Meet Roly Sussex, an Australia Day Ambassador, Queensland State Library Chairman and ABC Radio personality.
Roly Sussex loves Australia, just by reading his responses to our questions you can feel his Aussie pride seep through his words. A Professor of Applied Language Studies at The University of Queensland, Professor Sussex also hosts ‘A word in your ear’ on ABC Radio.
As an Australia Day Ambassador Mr Sussex travels to rural Queensland each Australia Day to recognise outstanding Australians and reflect on all Australia has to offer.
Read on to find out Mr Sussex’s favourite aspect of Australia Day and his favourite Aussie book.
1. What prompted you to become an Australia Day ambassador?
There are few invitations to do things for the community which are as instantly compelling as this one. An elite – and very varied – group of what are now 45 ambassadors travel all around Queensland to join in the celebrations at many shires and councils. I have a particular affection for country Queensland, especially Central Queensland and the Far North. I welcome the chance to visit places I have not been able to visit before, and to help mark the day in a way which is by turns solemn, and cheerful.
2. What is your favourite aspect of Australia Day?
Meeting people in country Queensland, joining in community activities over the day, learning about what life is like far from the south east corner. Hearing from all sorts of people what being Australian and living in Australia means to them. Sharing stories and views and impressions and experiences. Understanding how varied, and challenging, and rewarding, living in Australia is. It can be a hard place to live in, but such a rewarding one.
3. Tell us about what being an Australia Day ambassador entails.
Ambassadors give a short speech to mark the occasion, and hand out certificates for community contributions and outstanding service and achievement – see #5. I like to reflect on some obvious things we tend to take for granted. We can breathe the air and drink the water. We don’t get killed by bombs on the way to the shop for a litre of milk. We can travel freely inside and outside Australia. Though we haven’t got it completely right yet, we are indeed a country of the fair go, where we express mateship by helping strangers clean up after floods, cyclones and fires. We then play games, and sit and talk and enjoy a barbecue.
A very important aspect of Australia Day for me is reflecting: how we compare to other places I visit and have visited, how we managed to make this country from a rather rocky start in 1788, current and future challenges, and the cheerful, good hearted resilience and inventiveness and friendliness of the people who live here.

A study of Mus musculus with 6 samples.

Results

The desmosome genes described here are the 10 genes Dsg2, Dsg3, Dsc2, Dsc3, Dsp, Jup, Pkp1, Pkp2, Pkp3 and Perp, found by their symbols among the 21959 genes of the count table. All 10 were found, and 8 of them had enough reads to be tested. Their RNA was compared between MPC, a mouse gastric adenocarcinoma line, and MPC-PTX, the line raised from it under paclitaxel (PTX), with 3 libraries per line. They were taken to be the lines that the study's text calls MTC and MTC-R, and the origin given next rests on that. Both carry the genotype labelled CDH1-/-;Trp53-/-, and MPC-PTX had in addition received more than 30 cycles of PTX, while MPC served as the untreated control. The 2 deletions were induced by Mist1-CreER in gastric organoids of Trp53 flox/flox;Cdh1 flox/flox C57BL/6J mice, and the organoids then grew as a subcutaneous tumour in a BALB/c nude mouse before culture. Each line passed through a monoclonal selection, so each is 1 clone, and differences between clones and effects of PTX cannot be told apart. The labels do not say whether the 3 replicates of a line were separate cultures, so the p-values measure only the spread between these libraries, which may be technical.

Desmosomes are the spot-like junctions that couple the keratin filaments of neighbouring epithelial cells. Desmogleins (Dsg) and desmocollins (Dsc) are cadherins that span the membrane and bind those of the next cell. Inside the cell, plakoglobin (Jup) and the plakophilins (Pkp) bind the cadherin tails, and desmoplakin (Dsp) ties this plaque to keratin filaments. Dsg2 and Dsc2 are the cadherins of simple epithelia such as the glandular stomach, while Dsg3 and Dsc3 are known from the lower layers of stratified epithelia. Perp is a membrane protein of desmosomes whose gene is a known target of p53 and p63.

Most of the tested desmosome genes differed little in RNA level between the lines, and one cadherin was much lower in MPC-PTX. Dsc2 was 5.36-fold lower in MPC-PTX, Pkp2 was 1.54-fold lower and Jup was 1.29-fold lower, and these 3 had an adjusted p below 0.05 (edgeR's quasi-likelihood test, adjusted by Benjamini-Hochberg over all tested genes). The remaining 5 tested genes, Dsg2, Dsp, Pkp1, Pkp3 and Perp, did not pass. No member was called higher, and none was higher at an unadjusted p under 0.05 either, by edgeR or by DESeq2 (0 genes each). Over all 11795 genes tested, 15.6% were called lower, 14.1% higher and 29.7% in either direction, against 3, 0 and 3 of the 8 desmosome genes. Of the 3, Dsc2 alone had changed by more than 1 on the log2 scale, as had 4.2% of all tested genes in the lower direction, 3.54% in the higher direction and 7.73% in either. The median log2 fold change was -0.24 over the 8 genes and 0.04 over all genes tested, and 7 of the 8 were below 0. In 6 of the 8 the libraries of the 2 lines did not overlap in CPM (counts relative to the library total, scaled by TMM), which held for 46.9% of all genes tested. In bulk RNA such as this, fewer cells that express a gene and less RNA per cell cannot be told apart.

4. What has been your most interesting experience as an ambassador?
That’s not a fair question, since there have been many. Perhaps the Karumba Australia Day cricket match, on the Gulf of Carpentaria. There are two pubs in Karumba and they form teams and play a match on the afternoon of Australia Day. The rules are different from the standard game, and I didn’t quite master them. You stay in, for I think four overs, and score minus five each time you are out; you stay in until your four overs are complete. Anyone can bowl. The rules sometimes appear to be variable, depending on the umpire. Fielders have been tackled when about to take a catch. The two teams of supporters sit in separate tents and barrack colourfully for their teams with energy and imagination.
5. How are you celebrating this Australia Day?
I am going to Winton as one of this year’s 45 ambassadors. Before Australia Day I’ll visit the Waltzing Matilda Museum, the Qantas museum and the Hall of Fame in Longreach (I fly into Longreach and take a hire car to Winton). The mayor of Winton is kindly taking me to visit Lark Quarry, the site of the dinosaur stampede. On Australia Day I’ll give a speech about what is special about Australia, and why I love living here; give out certificates for outstanding community contribution, civic contribution, and achievement; and then I think we’ll have a LARGE barbecue and play tip and run cricket … in 43 degree Celsius heat.
6. As Chairman of the State Library I’m sure you have a keen interest in books, what is your favourite Australian book?
That’s terribly hard – so much great writing (Tim Winton, for instance, and Judith Wright). But I think Kylie Tennant, The Honey Flow. I lived outside Australia from age 10 to age 29, and this book really captures the feel and smell of the Australian bush, and reminded me of what it was like to be in Australia on a hot summer’s day with the sound of bees in the eucalypts.